REVIEW: Hotel (The Christchurch Arts Festival)

Hotel secrets exposed.

Hotel Secrets [by Sharu Delilkan]

Hotel secrets exposed.
Hotel secrets exposed.

The all-too-familiar experience began as we entered The Rendezvous Hotel to see the Christchurch Arts Festival show Hotel. We walked into the reception and spoke to the concierge who said that we would be called when the show was about to begin. What I’m referring to is all the unknowns we are confronted with when we walk into a hotel, that and the often inevitable wait before you are shown to your room.

In keeping with this routine when ‘checking into’ a hotel room, we had to wait for what seemed like an inordinate amount of time. But eventually we were told that it wouldn’t be long before we would be led to the appointed room.

You could feel the excitement mount as everyone downed their drinks and got ready to experience the intimate, exclusive and inclusive show that could only house a maximum of 14 guests. We all felt rather special as the packed lift took us up to the 14th floor.

Once we get to the designated floor our ‘guide’ calls someone and says “housekeeping” which must have received an affirmative response because before we know it we’re seated along the periphery of the living room. I hear someone in the bathtub as we take our seats but we can’t see what is happening as there are sounds emanating from the bathroom as we sit down, which adds to the intrigue.

The close-up theatre experience can only be likened to close-up magic, which was trendy a few years ago. Having the city of Christchurch in the background behind and below us, seen through the huge windows, provided an interesting backdrop and a great metaphor for the fractured lives of the people in the room. The script included a great tribute to Christchurch, which helped to contextualize the show. I assume they must do that in every location they perform in – which is a great way of endearing the audience.

The use of various pieces of Kiwi music was also a great device to delineate the storylines and scene changes.

Having recently seen April PhillipsMotel at The Basement where I felt like a voyeur, this was an even more heightened experience since the actors were acting centimetres away from us at times, making us able to almost “smell the actors’ breath”. I particularly enjoyed the interplay of the characters who were clearly in different time zones, passing and bypassing one other but not interacting. Another voyeuristic point was being able to see people’s intimate and private moments. However the way in which we were positioned meant that we could only see glimpses of activities in some of the other rooms, some of the time. This meant that nobody could see the whole picture and each of us got a different slice of what was going on depending where you were seated.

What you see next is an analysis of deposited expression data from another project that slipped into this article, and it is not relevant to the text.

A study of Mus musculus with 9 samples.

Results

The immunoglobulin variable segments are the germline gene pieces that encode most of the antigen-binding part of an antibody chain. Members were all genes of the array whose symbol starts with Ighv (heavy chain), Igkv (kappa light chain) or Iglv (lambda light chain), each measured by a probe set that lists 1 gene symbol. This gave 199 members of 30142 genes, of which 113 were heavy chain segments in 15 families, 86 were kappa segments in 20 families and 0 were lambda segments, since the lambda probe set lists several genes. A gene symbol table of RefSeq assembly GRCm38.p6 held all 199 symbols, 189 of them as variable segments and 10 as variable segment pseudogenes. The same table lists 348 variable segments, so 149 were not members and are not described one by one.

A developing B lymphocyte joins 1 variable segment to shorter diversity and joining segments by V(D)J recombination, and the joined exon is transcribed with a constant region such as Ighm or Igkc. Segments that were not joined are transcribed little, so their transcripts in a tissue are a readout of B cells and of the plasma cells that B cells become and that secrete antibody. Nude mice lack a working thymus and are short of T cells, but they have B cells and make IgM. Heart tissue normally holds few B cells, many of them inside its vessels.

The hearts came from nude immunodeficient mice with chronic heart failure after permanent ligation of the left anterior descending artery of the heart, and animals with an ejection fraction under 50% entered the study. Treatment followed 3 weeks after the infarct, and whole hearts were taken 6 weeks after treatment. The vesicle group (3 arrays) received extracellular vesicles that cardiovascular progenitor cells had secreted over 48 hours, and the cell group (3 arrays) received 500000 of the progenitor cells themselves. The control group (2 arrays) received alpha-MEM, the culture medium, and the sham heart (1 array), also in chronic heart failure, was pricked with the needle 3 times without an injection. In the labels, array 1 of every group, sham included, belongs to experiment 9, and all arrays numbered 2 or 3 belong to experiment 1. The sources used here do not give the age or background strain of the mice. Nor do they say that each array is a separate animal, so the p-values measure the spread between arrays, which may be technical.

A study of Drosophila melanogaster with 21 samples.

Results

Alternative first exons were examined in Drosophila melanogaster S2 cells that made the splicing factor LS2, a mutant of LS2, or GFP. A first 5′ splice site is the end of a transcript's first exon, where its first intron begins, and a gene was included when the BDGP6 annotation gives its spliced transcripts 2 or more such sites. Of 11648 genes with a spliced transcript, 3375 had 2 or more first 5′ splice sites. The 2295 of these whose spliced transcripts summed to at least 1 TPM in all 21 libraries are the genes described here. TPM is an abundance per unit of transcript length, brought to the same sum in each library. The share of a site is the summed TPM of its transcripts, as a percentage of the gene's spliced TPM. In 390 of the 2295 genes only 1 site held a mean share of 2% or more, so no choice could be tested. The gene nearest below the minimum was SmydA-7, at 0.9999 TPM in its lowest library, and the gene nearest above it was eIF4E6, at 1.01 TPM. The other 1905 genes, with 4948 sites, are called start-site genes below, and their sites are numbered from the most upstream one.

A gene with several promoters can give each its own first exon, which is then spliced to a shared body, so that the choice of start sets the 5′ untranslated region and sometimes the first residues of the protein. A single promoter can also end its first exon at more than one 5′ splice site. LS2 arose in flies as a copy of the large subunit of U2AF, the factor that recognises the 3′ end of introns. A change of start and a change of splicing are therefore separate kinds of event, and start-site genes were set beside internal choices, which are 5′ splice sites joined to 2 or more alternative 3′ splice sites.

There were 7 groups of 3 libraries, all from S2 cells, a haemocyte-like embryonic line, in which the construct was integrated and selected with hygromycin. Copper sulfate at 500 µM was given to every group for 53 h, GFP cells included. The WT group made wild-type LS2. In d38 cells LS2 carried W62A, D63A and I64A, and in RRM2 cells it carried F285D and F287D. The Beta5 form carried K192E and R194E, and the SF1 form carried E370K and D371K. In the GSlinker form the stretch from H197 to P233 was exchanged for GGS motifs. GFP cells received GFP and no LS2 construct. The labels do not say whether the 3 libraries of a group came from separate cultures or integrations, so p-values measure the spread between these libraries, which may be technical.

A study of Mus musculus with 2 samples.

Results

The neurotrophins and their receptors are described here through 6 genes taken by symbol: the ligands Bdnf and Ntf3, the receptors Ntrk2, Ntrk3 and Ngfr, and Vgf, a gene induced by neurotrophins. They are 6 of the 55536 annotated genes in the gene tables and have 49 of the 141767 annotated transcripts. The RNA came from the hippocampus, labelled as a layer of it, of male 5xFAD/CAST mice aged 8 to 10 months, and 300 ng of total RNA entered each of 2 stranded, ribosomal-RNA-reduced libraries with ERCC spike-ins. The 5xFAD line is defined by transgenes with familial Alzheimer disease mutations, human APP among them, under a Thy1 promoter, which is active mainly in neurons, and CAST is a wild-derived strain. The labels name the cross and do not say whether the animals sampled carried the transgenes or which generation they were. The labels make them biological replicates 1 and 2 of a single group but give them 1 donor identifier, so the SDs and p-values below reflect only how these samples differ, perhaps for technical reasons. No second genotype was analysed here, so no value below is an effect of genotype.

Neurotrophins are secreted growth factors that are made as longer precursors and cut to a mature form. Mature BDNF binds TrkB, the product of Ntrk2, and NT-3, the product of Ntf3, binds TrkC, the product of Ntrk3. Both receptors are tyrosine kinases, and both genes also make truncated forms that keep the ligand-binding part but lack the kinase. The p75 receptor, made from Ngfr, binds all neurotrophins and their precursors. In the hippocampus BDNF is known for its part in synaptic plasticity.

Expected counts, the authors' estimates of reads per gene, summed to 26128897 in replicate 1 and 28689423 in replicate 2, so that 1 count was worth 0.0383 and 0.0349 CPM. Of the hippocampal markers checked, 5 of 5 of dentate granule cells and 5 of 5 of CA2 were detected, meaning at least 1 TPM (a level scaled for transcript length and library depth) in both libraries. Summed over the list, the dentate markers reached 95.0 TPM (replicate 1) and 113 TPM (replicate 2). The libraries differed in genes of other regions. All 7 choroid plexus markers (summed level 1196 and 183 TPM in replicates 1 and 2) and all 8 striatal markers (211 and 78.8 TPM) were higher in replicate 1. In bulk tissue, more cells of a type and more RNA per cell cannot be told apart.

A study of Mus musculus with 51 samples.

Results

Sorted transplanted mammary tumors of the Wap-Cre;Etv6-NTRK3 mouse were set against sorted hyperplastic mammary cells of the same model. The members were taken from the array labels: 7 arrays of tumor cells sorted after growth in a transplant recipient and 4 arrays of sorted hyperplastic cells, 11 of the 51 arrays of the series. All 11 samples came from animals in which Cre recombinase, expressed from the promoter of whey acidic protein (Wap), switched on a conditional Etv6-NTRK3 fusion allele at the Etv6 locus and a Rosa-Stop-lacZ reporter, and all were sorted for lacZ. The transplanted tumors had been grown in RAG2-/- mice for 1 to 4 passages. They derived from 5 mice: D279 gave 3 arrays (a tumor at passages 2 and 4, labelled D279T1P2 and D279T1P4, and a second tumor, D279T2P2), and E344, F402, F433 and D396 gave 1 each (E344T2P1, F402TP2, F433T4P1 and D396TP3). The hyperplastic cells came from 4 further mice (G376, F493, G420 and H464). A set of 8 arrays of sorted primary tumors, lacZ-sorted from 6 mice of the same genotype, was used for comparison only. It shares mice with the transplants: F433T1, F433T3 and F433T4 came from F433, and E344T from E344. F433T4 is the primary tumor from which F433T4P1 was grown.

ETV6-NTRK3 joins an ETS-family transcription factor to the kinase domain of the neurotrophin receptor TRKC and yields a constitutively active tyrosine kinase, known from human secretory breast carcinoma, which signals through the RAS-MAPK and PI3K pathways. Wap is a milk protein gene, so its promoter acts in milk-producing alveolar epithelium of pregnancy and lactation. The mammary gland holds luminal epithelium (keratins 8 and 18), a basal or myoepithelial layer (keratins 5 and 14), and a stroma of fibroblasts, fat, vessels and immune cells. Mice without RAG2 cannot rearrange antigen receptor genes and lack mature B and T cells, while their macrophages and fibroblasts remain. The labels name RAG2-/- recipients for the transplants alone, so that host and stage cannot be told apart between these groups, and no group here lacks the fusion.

Another aspect of the way of our seating arrangement that I really enjoyed, was the ability to watch the other half of the audience while they were observing a show. Amazingly, however, after a while, despite the actors being “in yer face” the audience seemed to believe they were still in an auditorium in the dark – talking to one another, shuffling, even occasionally snoozing – an amazingly immediate study of how we all act and react to emotional storytelling.

Unfortunately despite all these clever devices Hotel falls short of being a great piece of theatre. Stringing together a number of vignettes doesn’t a great of piece of theatre make. But that is my personal opinion. My husband however thoroughly enjoyed the portrayal of time suspended and the non-resolution of storylines, which he says added a touch of realism.

There were a lot of “oh yes moments” which the audience could relate to with regards to how people behave. This included things like checking out which lights were which, to suss out your environment as well the way in which many hotel guest steal all the toiletries before checking out.

Hats off to director Paul McLaughlin for pulling off some very complex choreography and the ability to ensure multiple uses for each of the props. Another clever device was the overlapping dialogue and overlapping lives without interaction – made for an interesting experience.

Overall Hotel displays the full range of human experience and emotion, where we as audience members are privy to seeing people at their most unguarded and vulnerable.

Hotel is presented by Site Specific Theatre and plays at Hotel Rendezvous until 22 September. More information at the Christchurch Arts Festival.

SEE ALSO: review by Erin Harrington.